Court of Appeal Affirms Jury Verdict Because Plaintiffs Presented Prima Facie Case of Whistleblower Retaliationin Employment Law by Timothy Reuben
The Court of Appeal, Second Appellate District, recently issued an opinion illustrating the burden of proof in a whistleblower retaliation case. In Hawkins v. City of L.A., 40 Cal. App. 5th 384 (2019), the court affirmed a jury verdict for plaintiff whistleblowers against the City of Los Angeles, finding that the plaintiffs had presented a prima facie case of retaliation.
Plaintiffs Todd Hawkins and Hyung Kim were part-time administrative hearing examiners for the Department of Transportation under supervisor Walton-Joseph. In June 2011, Walton-Joseph angrily confronted Hawkins about language he used in a decision. Hawkins reported the incident to supervisors, and after another confrontation, filed a complaint with the Equal Employment Opportunity Commission. Hawkins alleged that Walton-Joseph and another supervisor, Kenneth Heinsius, pressured hearing examiners to change their decisions from not liable to liable, violating the Vehicle Code. Over the years, approximately 14 hearing examiners, including Hawkins and Kim, complained to supervisors about being pressured to change decisions. An internal investigation concluded that there was insufficient evidence to support the allegation that hearing examiners were being asked to change decisions.
On October 1, 2013, Heinsius was directed to examine complaints about disruptive conduct of various employees. Heinsius identified Hawkins and Kim. The City fired Hawkins in November of 2013 and Kim in December of 2013. Hawkins and Kim responded by suing the City for whistleblower retaliation, claiming they were fired for whistleblowing on the City’s practice of pressuring hearing examiners to change decisions. The jury found for Hawkins and Kim on those causes of action, and the trial court assessed a penalty against the City under the Private Attorney General Act (PAGA) and awarded plaintiffs attorney’s fees. The City appealed.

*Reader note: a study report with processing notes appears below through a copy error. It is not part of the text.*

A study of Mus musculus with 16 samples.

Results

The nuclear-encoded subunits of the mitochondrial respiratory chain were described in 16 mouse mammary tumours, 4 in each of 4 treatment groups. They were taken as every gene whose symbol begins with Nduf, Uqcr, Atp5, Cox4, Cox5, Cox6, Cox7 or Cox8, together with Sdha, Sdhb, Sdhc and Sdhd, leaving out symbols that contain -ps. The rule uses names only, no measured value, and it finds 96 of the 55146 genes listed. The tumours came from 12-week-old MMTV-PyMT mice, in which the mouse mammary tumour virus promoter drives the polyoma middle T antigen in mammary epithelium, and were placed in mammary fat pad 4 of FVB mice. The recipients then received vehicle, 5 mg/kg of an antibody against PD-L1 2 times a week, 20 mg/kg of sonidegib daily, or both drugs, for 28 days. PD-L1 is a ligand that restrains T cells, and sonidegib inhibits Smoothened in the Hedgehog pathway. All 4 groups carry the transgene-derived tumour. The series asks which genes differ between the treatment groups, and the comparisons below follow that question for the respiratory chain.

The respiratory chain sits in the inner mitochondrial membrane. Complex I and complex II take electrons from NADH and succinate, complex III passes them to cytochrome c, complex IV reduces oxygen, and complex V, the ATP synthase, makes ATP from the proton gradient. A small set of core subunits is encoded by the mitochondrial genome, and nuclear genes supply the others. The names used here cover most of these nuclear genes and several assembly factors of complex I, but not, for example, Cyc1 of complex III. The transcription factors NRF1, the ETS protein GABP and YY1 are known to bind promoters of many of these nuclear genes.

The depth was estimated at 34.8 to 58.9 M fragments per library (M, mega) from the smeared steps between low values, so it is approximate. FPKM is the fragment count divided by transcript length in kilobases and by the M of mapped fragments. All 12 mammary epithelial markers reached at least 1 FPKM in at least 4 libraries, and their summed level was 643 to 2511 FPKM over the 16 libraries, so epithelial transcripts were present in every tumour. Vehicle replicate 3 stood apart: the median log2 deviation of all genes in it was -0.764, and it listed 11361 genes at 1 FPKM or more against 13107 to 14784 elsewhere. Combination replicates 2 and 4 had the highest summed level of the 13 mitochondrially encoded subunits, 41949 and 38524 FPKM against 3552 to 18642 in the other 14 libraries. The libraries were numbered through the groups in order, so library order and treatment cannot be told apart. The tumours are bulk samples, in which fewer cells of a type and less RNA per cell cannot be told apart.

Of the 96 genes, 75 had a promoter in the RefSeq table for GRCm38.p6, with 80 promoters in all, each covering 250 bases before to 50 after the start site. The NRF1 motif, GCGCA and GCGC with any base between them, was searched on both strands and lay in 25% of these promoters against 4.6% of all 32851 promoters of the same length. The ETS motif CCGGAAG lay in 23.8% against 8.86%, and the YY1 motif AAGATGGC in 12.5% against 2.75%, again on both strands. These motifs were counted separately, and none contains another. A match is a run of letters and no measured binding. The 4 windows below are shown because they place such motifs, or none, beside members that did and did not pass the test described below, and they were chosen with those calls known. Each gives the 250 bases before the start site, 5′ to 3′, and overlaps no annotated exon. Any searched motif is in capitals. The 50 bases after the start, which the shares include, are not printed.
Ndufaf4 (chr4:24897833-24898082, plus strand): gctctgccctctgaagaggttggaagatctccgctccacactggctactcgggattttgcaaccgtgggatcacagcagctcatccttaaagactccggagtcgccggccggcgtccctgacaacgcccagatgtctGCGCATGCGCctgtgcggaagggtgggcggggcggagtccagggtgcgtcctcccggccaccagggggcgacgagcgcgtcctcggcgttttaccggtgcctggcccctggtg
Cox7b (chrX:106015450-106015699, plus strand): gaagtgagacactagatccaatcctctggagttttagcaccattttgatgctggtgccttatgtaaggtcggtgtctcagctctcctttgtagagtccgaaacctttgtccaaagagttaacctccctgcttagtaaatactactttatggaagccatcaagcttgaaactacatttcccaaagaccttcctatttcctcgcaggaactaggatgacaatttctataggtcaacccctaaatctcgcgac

Labor Code § 1102.5 prohibits employer retaliation against an employee for disclosing a violation of state or federal statute to a government or law enforcement agency. To establish a violation, a plaintiff must show he engaged in protected activity, his employer subjected him to an adverse employment action, and the existence of a causal link between the two. Hager v. County of Los Angeles, Cal. App. 4th 1538, 1540 (2014). If the defendant provides a legitimate, nonretaliatory explanation for its actions, plaintiff must show the explanation was pretext for retaliation. Morgan v. Regents of University of California, 88 Cal. App. 4th 52, 75 (2000).
The Court of Appeal concluded that Hawkins and Kim were engaged in protected activity by disclosing that they were pressured to change decisions in violation of the Vehicle Code. Disclosing an illegal activity is protected activity under Labor Code § 1102.5. Additionally, the court found that the City subjected Hawkins and Kim to an adverse employment action by firing them. Furthermore, the court found that the closeness in time from the complaints and investigation to the City’s termination of Hawkins and Kim established the necessary causal link. Lastly, the court found that the evidence of Hawkins and Kim being fired only after complaining of illegal practices (and the existence of overwhelming evidence supporting these complaints) supported the jury’s finding that the City’s reasons for termination were pretextual. Hawkins and Kim thus established the three elements of their prima facie case of whistleblower retaliation.